7 things to know about the World Wide Web as it celebrates...

7 things to know about the World Wide Web as it celebrates 30 years


March 12 marks a significant milestone in British technology with the 30th anniversary of the World Wide Web.

In 1989, working at the European Organisation for Nuclear Research, known as CERN, Sir Tim Berners-Lee submitted a proposal for information management that would go on to transform the way people communicate and consume information.

Here are some interesting facts about the World Wide Web:

– The World Wide Web was developed out of frustration

Sir Tim invented the World Wide Web because he was frustrated to have to constantly log on to a different computer every time he wanted to access different information not on his main computer.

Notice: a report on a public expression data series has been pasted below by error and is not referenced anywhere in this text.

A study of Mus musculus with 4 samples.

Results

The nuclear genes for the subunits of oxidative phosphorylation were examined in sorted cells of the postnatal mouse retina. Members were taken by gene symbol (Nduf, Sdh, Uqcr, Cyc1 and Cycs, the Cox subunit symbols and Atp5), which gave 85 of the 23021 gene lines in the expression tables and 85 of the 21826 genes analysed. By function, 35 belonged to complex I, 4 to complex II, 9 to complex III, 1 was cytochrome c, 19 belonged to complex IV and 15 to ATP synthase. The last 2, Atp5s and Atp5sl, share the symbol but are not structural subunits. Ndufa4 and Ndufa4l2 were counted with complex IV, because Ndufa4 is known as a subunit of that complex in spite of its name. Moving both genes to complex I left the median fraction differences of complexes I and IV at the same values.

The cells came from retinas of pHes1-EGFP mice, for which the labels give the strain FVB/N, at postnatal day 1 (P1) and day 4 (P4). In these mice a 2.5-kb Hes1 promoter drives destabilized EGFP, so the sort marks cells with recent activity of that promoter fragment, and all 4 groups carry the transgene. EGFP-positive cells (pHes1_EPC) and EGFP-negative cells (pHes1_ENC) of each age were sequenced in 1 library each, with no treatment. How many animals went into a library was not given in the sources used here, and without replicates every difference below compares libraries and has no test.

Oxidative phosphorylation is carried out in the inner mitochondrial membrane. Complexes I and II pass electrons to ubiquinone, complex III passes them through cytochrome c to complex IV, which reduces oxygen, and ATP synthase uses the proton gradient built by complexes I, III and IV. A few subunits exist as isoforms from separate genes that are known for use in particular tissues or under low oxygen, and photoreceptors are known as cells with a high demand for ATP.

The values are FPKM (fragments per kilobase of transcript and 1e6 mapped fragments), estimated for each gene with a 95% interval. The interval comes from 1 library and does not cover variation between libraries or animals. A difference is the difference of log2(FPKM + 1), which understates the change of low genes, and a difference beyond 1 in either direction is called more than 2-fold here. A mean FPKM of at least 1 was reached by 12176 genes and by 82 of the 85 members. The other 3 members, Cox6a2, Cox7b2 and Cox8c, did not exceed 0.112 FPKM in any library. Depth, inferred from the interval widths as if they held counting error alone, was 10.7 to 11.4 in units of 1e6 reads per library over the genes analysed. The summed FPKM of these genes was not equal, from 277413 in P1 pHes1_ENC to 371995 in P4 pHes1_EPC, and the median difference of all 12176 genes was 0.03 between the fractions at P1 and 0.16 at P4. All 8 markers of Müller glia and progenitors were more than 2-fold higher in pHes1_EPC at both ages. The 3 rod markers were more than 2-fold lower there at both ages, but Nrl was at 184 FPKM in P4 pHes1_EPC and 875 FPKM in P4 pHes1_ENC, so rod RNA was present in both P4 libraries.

– ‘Vague but exciting’

Sir Tim’s boss at CERN, Mike Sendall, left three short but powerful words when he first received the proposal paper for the World Wide Web: “Vague but exciting.”

At the end, he simply said: “And now?”

– The World Wide Web is not the same as the internet

The World Wide Web and the internet are wrongly confused as the same thing – something Sir Tim is quick to correct people on.

The internet, which is a network of networks formed of computers, existed long before the World Wide Web.

WWW is the transfer of information, whether it be text, documents or other rich content like videos.

– The World Wide Web was almost called something completely different

Sir Tim considered a number of name options before settling on World Wide Web.